I’m 69 And Lost My Job But I Want to Pay My Debts. – Chuck


“Dear Steve,

I am 69. lost my job of 15 years 6 months ago. Am on SS and work odd jobs when I can. Have 56,000 credit card debt, Was ok while working but now am 6 months behind on large accounts, have been struggling to keep others current.

I called credit repayment plan and was told I would make payments of $750. per month for four years which is about $300. per month less than I’m paying on half my bills now.but would cover all the bills owed.

I rent and have no assets, I have old 74 truck and 92 car.

One comment was to stop paying anyone and hang on to me money because of my age and no assets crediters could’nt get anything. But I’ve always payed my bills and would like to get my credit back eventually.

I have an appointment with attorney next week.

Looking for suggestions to get back on track and out of all the stress


Dear Chuck,

I’m not sure who specifically you called that wanted to put you on a debt repayment plan but it looks like it was a debt settlement company.

Whoever they are, they have done you a gross disservice in advising you to begin any sort of payment plan.

And while it might be true that you are “judgment proof”, the head in the sand approach is almost never a good idea because it will result in you stressing under massive collections and potentially getting sued. Who needs that aggravation if it can be easily avoided?

What I hear you saying is that you have always had a tremendous amount of pride and on some level you look at bankruptcy as a solution based in failure and so it should be avoided.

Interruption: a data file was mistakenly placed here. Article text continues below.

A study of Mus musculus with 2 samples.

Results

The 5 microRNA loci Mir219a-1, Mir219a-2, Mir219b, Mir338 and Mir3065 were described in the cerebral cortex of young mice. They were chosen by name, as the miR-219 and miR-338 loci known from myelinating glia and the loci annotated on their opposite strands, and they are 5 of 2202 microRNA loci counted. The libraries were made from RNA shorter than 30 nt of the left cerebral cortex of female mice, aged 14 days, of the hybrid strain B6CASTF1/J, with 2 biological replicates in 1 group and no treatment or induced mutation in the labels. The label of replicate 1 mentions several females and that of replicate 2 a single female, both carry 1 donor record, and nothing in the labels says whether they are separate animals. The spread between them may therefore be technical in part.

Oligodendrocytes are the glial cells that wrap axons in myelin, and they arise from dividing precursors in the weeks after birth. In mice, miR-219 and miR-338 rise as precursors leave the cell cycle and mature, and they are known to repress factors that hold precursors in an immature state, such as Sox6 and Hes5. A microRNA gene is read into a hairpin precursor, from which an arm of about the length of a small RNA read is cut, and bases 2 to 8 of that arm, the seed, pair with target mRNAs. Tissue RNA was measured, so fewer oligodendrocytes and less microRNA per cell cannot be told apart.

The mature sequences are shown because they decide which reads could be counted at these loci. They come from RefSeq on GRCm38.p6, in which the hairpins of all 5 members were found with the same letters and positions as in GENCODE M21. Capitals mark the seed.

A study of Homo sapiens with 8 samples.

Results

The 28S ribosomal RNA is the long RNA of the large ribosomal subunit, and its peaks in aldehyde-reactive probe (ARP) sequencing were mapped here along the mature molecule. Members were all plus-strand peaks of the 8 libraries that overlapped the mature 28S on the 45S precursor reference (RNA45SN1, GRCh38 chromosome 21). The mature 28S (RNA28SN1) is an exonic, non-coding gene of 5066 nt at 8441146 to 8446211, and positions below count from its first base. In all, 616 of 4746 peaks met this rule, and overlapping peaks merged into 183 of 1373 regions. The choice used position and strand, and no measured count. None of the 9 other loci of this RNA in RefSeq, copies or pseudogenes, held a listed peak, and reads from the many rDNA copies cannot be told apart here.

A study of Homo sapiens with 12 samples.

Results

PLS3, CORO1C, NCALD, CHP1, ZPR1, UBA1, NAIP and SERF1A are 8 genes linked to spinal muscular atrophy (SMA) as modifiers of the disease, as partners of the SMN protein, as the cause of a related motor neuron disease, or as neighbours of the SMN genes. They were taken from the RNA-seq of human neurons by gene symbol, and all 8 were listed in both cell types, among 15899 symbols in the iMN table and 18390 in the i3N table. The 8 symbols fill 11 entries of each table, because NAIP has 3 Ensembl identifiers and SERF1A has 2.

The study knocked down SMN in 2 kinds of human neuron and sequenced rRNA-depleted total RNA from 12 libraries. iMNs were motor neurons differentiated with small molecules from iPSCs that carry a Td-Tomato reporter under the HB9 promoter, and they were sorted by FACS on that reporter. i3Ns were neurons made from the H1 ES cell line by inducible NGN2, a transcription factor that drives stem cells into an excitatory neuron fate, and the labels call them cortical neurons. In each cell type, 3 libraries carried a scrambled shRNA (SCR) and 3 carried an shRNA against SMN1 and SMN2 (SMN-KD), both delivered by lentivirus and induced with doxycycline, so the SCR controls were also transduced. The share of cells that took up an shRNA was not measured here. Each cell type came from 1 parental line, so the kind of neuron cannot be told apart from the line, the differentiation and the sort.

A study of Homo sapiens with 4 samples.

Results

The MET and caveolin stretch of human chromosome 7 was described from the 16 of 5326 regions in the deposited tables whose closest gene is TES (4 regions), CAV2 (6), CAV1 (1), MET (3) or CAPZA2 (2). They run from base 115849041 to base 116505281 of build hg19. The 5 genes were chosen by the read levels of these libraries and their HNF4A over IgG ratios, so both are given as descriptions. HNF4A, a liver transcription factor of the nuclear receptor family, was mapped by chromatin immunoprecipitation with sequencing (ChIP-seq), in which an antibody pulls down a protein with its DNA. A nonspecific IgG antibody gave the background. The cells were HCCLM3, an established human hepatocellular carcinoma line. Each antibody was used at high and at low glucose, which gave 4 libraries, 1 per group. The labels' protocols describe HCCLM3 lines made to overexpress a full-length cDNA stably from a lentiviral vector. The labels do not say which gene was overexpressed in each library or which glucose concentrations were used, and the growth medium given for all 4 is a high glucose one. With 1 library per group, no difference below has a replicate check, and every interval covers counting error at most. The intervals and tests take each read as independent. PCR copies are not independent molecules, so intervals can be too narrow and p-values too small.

Every dollar you pay towards this debt is money that you will no longer have to care for yourself. Let’s say you spend every single dollar towards debt repayment and now you are so broke you can’t afford proper medical care, medications, food, utilities, etc. The only thing that has happened here is that you’ve let your pride transfer your burden to that of public programs, benefits programs, etc.


I would argue that the most responsible action that you can take is to deal with this head on and in a realistic way. If we do that you will come to a couple of conclusions. First is that there is no reasonable expectation that with your income and asset situation you will be able to repay this debt. The second is that you have a duty to take care of yourself first so that society does not have to assume the responsibility of taking care of you instead.

The most appropriate action in your situation would be to pursue bankruptcy and discharge the debt. Bankruptcy will close the door on these debts for good and then what little money you have coming in will be better able to take care of you.

Keep your appointment with the bankruptcy attorney and ask him or her all the questions you might have. I want you to as fully informed as possible so you can make the best decision for you.

And if you are still stuck in the moral guilt of not repaying your creditors, there is nothing that says you can’t repay them after bankruptcy. Oh yes, and as far as rebuilding your credit, it can be done and it’s easier than you would assume.


You are not alone. I'm here to help. There is no need to suffer in silence. We can get through this. Tomorrow can be better than today. Don't give up.